Victoria has recorded 12 deaths and 466 coronavirus cases overnight.
Premier Daniel Andrews confirmed the deaths include one male in his 30s, two males in their 70s, two males and three females in their 80s, and four females in their 90s.
Six of those deaths are linked and associated with aged-care settings. The youngest victim is the second person in their 30s to have died following infection.
The Victorian death toll now stands at 193.
There are 636 Victorians in hospital with COVID-19 infections. Of those in hospital, 44 are receiving intensive care, with 29 on ventilators.
There is a total of 2584 cases with an unknown source, an increase of 130 since yesterday. Those mystery cases, 136 yesterday and again, that doesn’t relate to data.
Mr Andrews took the opportunity to thank Melburnians and Victorians for “playing their part, doing the right thing and following the rules”.
“I think the data from ADF door-knocking, I made this point yesterday, to have done 1,150 door knocks in one day and to have 1,000 of those people found, I think that shows you the percentage of people doing the wrong thing is coming down, which means more and more Victorians are doing the right thing and that is critically important to making sure this strategy works,” Mr Andrews said.
Victorian Chief Health Office Professor Brett Sutton said going into stage-three restrictions averted 20,000 cases, but they were still too high.
“Certainly we are seeing some stabilisation in numbers. We are 400- 500 cases each day, more or less the average over the last week,” Professor Sutton said.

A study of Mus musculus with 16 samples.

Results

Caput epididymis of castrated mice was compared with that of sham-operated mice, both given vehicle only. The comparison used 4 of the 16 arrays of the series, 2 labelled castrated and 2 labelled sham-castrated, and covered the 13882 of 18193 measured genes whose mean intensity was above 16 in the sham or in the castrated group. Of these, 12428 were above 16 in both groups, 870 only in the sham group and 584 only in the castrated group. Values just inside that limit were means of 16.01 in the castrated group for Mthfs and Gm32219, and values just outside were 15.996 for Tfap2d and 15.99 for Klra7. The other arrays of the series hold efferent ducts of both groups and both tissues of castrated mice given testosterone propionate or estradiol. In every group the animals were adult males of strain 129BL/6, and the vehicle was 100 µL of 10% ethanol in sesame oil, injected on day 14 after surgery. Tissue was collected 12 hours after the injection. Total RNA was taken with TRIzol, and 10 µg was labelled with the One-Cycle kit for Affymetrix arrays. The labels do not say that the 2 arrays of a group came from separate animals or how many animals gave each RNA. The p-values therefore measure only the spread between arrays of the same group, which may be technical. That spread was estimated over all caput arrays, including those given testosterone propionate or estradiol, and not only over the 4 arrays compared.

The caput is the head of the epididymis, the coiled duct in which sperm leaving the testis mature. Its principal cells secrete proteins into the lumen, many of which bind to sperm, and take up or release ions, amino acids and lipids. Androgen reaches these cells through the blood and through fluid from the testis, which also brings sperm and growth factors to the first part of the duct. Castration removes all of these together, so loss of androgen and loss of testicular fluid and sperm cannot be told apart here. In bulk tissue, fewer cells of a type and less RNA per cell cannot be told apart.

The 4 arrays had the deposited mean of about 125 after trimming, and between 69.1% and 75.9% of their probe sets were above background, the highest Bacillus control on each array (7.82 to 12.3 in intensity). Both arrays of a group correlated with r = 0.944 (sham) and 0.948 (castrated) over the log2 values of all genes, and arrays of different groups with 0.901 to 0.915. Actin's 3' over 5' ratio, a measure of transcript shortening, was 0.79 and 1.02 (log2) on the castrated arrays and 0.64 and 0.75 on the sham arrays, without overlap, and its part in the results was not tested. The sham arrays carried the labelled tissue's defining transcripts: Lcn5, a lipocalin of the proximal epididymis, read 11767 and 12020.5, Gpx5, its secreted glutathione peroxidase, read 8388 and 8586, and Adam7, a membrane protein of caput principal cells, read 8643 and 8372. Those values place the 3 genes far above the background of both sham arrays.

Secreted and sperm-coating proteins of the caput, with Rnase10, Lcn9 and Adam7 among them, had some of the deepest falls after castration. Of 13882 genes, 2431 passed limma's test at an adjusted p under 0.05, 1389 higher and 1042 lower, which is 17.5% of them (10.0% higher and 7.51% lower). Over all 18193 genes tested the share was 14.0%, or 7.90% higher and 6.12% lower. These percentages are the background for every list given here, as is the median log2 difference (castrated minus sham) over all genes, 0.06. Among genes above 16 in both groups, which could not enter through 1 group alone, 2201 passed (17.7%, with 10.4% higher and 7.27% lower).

“That is not good enough but it’s a positive that we have averted an exponential increase through the last couple of weeks.
“If we hadn’t stabilised these numbers, we would have seen thousands of cases per day and there are estimates that we’ve averted 20,000 or more cases by virtue of the stage 3 restrictions but that hasn’t been enough.
“Stage-four restrictions will make a difference but we won’t see them for another week or more. We can drive numbers down and we will drive numbers down.”
He added that care needed to taken in disability care settings to avoid outbreaks seen in aged-care settings.
Prime Minister Scott Morrison and state and territory leaders on Friday agreed to ongoing audits of the aged-care sector after recent deadly outbreaks in Melbourne nursing homes.
The audits will look at preparedness to cope with the disease, which has killed 187 aged care residents Australia-wide.
Acting Chief Health Officer Paul Kelly said they would examine preventative measures and training to respond to outbreaks.
“Preparing for the worst, hoping for the best,” he said.
The stress testing is expected to aid a national aged care outbreak response plan in two weeks.
The Premier was questioned about the supply of personal protective equipment for healthcare workers, who have reported a shortage.
He noted there were 68 million gloves, 19 million surgical masks and two million face shields warehoused and ready for deployment.
“Everybody in the world is after this at the same time. That always makes it very challenging. The team has done a mighty job to have what we need,” Mr Andrews said.
While Mr Andrews thanked Victorians for their efforts, almost 200 people have been fined for breaching the state’s coronavirus restrictions, including a man caught breaking curfew to buy cigarettes and lollies.
Victoria Police did 3554 spot checks on homes, businesses and public places in the 24 hours to Saturday morning, fining 197 people for breaching the chief health officer’s directions.
Sixty-two were fined $1652 for breaching Melbourne’s 8pm-5am curfew, while a further 36 were penalised $200 for failing to wear a face mask.
One man was slapped with both fines after he was caught at a service station just before 1am buying cigarettes and lollies. He wasn’t wearing a mask.
Another was found riding a city-bound train between Lalor and Thomastown, outside the five-kilometre radius from his home.
He told police he was out to “get some fresh air”.